Golden Angel is “one for mom”
“This one’s for you, Mom,” posted James Blackwell on his Facebook page on the afternoon of April 2.
A few hours earlier, Blackwell’s homebred filly Golden Angel had won the first race at Laurel Park. Any win is exciting, but a win in a maiden claimer by a four-year-old making her first start might not, at first glance, seem noteworthy enough to dedicate to one’s mother.
But that was no run-of-the-mill maiden claimer, and Golden Angel was no run-of-the-mill maiden.
Blackwell’s mother Susie had died on June 29, 2020, in the early, unimaginable days of the pandemic. With her husband Michael, she had hunkered down at their home in Annapolis, barely leaving the house. Especially vulnerable because she suffered from lupus, Susie knew, as did her family, that contracting the virus would be dangerous.
She started making masks for her family and friends, carrying on her role as a nurturer and “prototypical grandmother,” as Blackwell put it.
“She relished her role as a grandmother,” he said. “She loved baking cookies with our daughters Katie and Raegan.”
After falling ill with a non-covid illness, Susie tried treating herself at home with antibiotics but ended up on intravenous antibiotics at the hospital, which is where, her son suspects, she contracted covid.
“My dad got it, too,” recalled Blackwell. “My family and I live about 20 minutes away from them, and we’d leave cold medicines and drinks and soups on their doorstep.”
Blackwell’s father recovered fairly quickly, but Susie was hospitalized and put on a ventilator.
“That was a pretty emotional phone call,” said Blackwell, “when she called to tell me that she was going on a ventilator. The last thing I told her was what a wonderful mom she was to me.”
Two weeks later, Susie’s lungs were so damaged that her doctors deemed them irreparable. Blackwell and his father were permitted to be present when they took her off the ventilator and when she died.
Two years earlier, Blackwell had bred his Not For Love mare Frivolous Pal to the Maryland stallion Golden Lad. He intended to sell her at the 2020 Midlantic fall yearling sale in Timonium, but the day she got to the sales grounds, she kicked a wall and bruised her foot and ended up being withdrawn. Blackwell decided to keep her.
“We figured it was probably meant to be,” he said.
Sitting around the dinner table with his family, he told them that they needed to come up with a name for the filly, and his wife Sonia suggested that they name her after his mother.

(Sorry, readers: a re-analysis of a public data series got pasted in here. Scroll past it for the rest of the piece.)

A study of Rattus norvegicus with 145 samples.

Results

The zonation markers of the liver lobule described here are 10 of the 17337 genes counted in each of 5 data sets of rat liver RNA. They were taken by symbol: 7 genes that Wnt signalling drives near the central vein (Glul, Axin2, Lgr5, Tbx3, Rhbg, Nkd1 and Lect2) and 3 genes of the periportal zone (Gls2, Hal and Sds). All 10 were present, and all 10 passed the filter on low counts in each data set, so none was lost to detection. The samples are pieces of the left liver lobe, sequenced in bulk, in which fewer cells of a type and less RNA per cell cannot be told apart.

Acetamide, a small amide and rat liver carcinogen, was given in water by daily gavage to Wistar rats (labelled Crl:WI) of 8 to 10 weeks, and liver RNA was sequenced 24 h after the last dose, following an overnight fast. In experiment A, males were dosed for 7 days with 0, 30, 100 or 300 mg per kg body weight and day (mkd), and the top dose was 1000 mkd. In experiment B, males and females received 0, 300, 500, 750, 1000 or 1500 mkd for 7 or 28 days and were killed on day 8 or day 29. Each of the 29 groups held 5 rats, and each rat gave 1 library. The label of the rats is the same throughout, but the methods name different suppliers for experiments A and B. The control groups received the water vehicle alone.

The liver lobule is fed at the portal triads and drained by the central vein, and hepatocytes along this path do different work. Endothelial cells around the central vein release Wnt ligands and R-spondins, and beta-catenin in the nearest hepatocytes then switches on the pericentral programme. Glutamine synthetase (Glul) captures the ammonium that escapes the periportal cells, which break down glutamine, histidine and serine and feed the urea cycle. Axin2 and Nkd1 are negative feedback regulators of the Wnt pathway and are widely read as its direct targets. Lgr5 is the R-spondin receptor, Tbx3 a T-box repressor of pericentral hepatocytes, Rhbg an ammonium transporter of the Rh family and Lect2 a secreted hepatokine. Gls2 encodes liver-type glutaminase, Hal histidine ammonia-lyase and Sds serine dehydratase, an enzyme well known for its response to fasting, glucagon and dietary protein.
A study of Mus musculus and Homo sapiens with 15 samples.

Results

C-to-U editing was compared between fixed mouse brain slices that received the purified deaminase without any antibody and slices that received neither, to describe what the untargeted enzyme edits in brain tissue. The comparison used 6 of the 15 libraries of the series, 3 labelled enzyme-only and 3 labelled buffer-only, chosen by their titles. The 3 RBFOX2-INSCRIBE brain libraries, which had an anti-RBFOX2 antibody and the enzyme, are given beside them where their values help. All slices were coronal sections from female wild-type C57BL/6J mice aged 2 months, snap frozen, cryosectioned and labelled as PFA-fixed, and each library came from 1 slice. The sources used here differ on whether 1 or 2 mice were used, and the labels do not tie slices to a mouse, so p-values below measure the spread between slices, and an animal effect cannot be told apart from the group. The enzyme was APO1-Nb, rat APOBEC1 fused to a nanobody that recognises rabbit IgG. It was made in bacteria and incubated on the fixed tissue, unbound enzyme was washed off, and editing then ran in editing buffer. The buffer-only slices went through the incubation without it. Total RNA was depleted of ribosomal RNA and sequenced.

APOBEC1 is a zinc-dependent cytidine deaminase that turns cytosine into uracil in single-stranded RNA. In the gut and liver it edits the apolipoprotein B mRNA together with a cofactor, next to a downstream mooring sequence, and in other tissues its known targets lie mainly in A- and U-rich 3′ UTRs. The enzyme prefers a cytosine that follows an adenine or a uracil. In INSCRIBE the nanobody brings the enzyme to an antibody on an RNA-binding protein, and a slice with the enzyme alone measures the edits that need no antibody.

“My son Matthew was only four years old at the time,” he said. “He had no concept of death and he didn’t understand what was going on with grandmother, so he’d always say that his grammy was an angel now.”
It was Sonia who came up with “Golden Angel,” playing on the horse’s pedigree and honoring Susie, who had, according to her son, “golden blonde hair.”
If keeping the filly had seemed fated, getting her to the races often felt cursed. She had surgery for kissing spine syndrome (a painful condition in which bony projections at the top of each vertebrae overlap or touch) at two and a chip taken out of her knee at three.
“We knew she could run,” said her owner. “When she was three, she worked with a four-year-old colt in Middleburg, and it was everything he could do to keep up with her. She has talent.”
On April 2, Golden Angel, trained by Hugh McMahon, broke from post two under jockey William Humphrey, who let her go right to the lead, and that’s where she stayed, winning by four lengths and running the six furlongs in a final time of 1:13.26.
“My dad was there, the whole family was there,” said Blackwell. “The win certainly made it feel like all that time, energy, and effort was worth it.”
The win was also significant for the equine family. Golden Angel’s dam Frivolous Pal has thrown five foals, all of which have made it to the races, all of which have won.
“That was important to us, too,” said Blackwell, “to keep the streak alive for Frivolous Pal. We wanted to win for my mom, and we wanted to win for the mare. Mission accomplished.”
Blackwell has owned horses for more than two decades, and while he knew it was risky to run his mother’s namesake in a claimer, he also felt fairly sanguine that his four-year-old first-time starter would be safe. Fortunately, he was right. Higher-level claiming races in Maryland are options for Golden Angel’s next start, as is a starter allowance in New York.
“I don’t want to lose her, but I’ve been in this business a long time, and you have to run them where they’re going to be competitive,” he said. “It’s a tough decision, and she certainly means a lot to our family.
“We’ll run her until she tells us not to, and then we’ll take her home.”